Tom McGreal | Chair, Finance Committee
The City reported preliminary results for the fiscal year ended June 30, 2018, which showed revenues on budget and expenditures coming in $758,000 below budget. This is good news that will be helpful as the City faces some challenges in the fiscal 2019 budget.
The City also reported on the updated budget for the current fiscal year ending June 30, 2019. The City’s Budget projects a 1% growth in revenues for the fiscal year ending June 30, 2019. Results so far this year are on track with these projections. This outlook for flat revenue growth places significant pressure on expenses, which need to be controlled to ensure that we generate a surplus of revenues in excess of expenses sufficient to fund important Capital Improvement Projects.
Managing expense growth in line with revenue growth is a tricky business that the City has faced before. In fact a similar scenario back in 2007 resulted in a policy solution that has served us well. As you may recall Council member Jerry Finnell presented a unique idea requiring that the growth of revenues exceed the growth of expenditures by 1.4% each year. The City adopted what became known as the Finnell Plan and this policy has enabled us to fund a long list of Capital Improvement Projects over the years without the necessity of incurring debt. Of course, this does not include the new City Hall, which did require our first significant issuance of debt.
Fortunately, we now have the new Measure Q revenues earmarked for three major new projects including Streetscape, Citywide undergrounding and the development of Shores Park. These projects could not be undertaken without the new Measure Q 1% sales tax that the voters overwhelmingly supported in 2016.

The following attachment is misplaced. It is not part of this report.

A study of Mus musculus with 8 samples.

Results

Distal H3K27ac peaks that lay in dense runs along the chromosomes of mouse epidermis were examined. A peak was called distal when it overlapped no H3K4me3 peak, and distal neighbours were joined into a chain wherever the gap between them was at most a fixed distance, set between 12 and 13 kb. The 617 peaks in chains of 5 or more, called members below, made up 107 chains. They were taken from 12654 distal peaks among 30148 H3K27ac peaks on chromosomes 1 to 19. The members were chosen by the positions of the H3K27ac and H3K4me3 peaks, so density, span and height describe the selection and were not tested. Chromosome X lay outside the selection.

At the same time it is important to note that Measure Q revenues do not in any way alleviate the need to stick to the spending controls imposed by the Finnell plan. Revenue growth still needs to exceed operating expense growth in order to generate a surplus to fund the many very important capital improvement projects each year.
The City Council faces some important decisions in the coming months as it manages spending for fiscal year 2019. City Council will also be kicking off the new two-year budget process with a budget workshop in February where these expense challenges will be addressed.
As we know it’s easy to manage fiscal affairs when revenues are robust. The real measure of fiscal discipline is taken when expenses need to hold the line. The Finance Committee is watching closely. Let’s see how things develop.